Saturday, May 19, 2007

Clergy Consultation Service, Abortion, and ...



What You Ask Me Has A Lot To Do With How I Answer

Elsewhere it has been noted that this is the 40th Anniversary of the Clergy Consultation Service, a pre-Roe v. Wade project through which many of us who were clergy referred women to those who could provide them with the abortion services they needed.

We were very intentional. We referred only to a provider in another state (or country) because it was questionable if state laws would apply to interstate or international transactions. At least in our neck of the woods, every health worker, nurse, lab tech, whatever who came to use our services was asked to provide an extremely thorough health and safety evaluation of the doctor to whom they were referred. Most doctors were scrupulous about hygiene, we stopped all relationships with any doctor who was not. We required all doctors to provide one free service for every five paid services. And raised money for transportation for those needing the free service.

I have a whole book I could write about my experiences in this work. Today, just one reflection. It's about statistics, surveys, and how it is that how you ask can be more important to your answers than anything else.

For although our work may have been legally questionable, a major hospital wanted us to keep statistics, to learn more about the nature of the situation. Thus we had a number of questions to ask the women who came to us.

The answers I got to those questions were vastly different from the answers many other clergy recorded. The simple difference was when we asked the questions. Many clergy began with the survey, thinking it was a way to get to know their client. Fair enough assumption, I suppose. Me, I had been terrified I was pregnant when I didn't want to be. I knew what that felt like. So first I dealt with the woman's terror. That is, we arranged her appointment, she had the date, the address, the whole enchilada in her hand. Then I asked the questions.

Most other clergy recorded almost every pregnancy was the result of the first time the woman had ever had sex. Me, it was part of a long pattern of sexual activity. Most other clergy recorded contraception had always been used. Me, in 450 cases, only 6 had used any form of contraception including withdrawal!

See, if you think they may not give you the information you want, you try to give them the answers you think they want too. Like gee, first time ever, and yes, of course we used contraception. Only when you have what you need will you feel free to tell the truth.

Can't tell you how often I think of this when I hear the results of polls and surveys. Lord knows, it isn't just the formulation of the questions, it's even how, and when you ask!

4 comments:

ms. kitty said...

I'm betting, Juffie, that the clergy who were conducting the interviews in that era were predominantly male. That would be an intimidating factor as well, not just timing.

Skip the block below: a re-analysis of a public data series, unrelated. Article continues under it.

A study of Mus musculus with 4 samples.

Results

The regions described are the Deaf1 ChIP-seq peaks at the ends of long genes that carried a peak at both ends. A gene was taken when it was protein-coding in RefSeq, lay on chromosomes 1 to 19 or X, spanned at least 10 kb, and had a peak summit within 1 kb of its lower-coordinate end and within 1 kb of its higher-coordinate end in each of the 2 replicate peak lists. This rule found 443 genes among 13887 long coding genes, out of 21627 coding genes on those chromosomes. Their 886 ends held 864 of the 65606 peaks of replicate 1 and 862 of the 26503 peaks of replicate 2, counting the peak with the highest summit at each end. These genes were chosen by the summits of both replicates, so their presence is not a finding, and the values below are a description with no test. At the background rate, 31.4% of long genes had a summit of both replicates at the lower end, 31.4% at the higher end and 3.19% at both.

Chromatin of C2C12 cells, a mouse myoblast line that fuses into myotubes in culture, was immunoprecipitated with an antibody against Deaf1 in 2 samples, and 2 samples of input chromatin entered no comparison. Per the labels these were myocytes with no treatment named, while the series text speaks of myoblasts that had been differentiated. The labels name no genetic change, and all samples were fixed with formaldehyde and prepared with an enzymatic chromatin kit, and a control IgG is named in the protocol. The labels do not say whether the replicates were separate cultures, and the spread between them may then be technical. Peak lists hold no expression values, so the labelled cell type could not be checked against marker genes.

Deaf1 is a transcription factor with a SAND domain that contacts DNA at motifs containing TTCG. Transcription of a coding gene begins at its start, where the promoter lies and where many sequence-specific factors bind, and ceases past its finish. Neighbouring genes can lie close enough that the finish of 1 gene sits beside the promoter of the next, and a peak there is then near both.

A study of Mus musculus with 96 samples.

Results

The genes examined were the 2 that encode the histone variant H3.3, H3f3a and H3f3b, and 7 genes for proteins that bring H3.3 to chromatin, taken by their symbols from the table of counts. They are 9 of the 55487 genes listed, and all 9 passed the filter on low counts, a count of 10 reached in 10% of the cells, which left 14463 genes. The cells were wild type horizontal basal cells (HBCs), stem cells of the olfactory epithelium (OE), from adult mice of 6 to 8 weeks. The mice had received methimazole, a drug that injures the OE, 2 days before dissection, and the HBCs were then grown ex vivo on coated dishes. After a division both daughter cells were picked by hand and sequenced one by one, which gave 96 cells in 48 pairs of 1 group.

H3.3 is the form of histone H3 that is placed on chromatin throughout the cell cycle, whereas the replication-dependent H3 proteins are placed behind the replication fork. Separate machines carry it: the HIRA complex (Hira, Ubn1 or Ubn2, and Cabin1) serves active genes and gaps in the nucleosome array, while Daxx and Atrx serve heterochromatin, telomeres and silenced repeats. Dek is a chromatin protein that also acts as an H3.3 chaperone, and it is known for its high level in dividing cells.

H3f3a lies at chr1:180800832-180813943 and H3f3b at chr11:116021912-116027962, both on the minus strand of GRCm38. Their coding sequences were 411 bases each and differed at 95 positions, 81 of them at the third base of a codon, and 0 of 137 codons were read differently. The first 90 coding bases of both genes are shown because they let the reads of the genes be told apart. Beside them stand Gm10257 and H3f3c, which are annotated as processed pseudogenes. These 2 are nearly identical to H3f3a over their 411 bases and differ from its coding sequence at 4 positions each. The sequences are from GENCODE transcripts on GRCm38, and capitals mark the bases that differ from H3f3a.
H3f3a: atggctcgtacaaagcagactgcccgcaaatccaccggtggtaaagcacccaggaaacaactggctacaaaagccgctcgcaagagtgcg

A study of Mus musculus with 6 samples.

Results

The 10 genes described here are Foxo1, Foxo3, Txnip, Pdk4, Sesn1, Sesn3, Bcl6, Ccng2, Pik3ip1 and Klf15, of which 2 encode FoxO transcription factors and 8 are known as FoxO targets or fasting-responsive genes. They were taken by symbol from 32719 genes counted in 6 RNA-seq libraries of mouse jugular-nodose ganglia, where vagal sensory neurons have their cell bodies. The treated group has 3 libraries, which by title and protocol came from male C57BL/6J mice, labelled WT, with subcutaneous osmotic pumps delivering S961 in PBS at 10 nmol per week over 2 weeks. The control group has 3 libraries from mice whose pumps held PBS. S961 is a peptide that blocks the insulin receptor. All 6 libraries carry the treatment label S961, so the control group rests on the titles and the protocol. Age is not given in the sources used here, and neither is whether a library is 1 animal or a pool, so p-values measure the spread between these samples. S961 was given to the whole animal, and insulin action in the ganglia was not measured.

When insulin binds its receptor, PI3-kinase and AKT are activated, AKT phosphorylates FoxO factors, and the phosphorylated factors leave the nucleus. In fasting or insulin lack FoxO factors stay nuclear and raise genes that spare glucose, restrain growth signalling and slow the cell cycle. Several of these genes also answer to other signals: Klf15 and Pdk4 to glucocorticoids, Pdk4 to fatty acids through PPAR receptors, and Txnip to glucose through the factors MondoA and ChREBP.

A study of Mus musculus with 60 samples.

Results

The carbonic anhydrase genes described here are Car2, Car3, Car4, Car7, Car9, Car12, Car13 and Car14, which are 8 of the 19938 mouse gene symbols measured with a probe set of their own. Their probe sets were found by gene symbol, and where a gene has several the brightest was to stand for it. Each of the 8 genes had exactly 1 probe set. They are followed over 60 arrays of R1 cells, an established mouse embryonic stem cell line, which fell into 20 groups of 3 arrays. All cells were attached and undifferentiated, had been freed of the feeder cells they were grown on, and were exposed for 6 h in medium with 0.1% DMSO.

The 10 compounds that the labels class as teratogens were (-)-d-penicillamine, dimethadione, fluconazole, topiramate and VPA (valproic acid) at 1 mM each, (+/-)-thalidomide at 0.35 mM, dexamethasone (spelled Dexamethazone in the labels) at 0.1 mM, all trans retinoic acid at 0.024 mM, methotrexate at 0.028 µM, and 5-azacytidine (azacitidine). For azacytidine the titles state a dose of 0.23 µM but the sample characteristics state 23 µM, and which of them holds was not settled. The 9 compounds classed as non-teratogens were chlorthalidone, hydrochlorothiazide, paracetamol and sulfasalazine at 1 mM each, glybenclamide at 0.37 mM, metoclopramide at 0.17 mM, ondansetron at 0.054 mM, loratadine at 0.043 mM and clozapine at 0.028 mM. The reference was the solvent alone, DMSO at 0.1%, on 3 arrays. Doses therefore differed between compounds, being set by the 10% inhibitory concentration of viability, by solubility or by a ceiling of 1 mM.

Berrysmom said...

I think you've got a good point here. It's helpful to remember when we need to get information from people who have come to us needing something from us as well. Thanks for the observation.

I did a Fathers Day service a few years ago on men's role in the Pro-Choice movement (it was right after the huge March for Women's Rights in DC). I got some good information from Farley Wheelwright and Gordon McKeemon on the Clergy Consultation Service, but didn't know that you were involved.

I will be glad to send you the sermon if you contact me.

Having a good Sunday afternoon? I am!

juffie said...

At first I wrote the piece with The Male Ministers doing the surveys that got the skewed data - but that wouldn't be fair. A few male ministers, after my different results, could feel the difference for the woman, and changed their ways too. They got the sort of results I did when they changed the timing of their questions.

I think the main thing was, when you don't yet have what you need, the questions sound like part of the judgement and discernment part of the interview upon which the decision will hinge. Great incentive to sound gooder than Pollyanna.

C said...

My memories of the Boston Area Clergy Counseling Serve are:
- almost everyone was male, as I am
- more then 50% of the women who came to see me were Catholic
- the overwhelming majority came with a mother or friend who was not a male
- those who were married most often came alone
- the offer for a follow-up visit after their abortion was taken up by only two people, and listening to their stories was despressing.
- one woman returned for a second visit (for a second abortion).
- I probably asked the wrong questions or was not as present, available, or receptive as others, but my wish for better results than what the nation offered over-rode that.
I never wish anyone to go back to that time.
I wish more people spoke out after the most recent Supreme Court decision.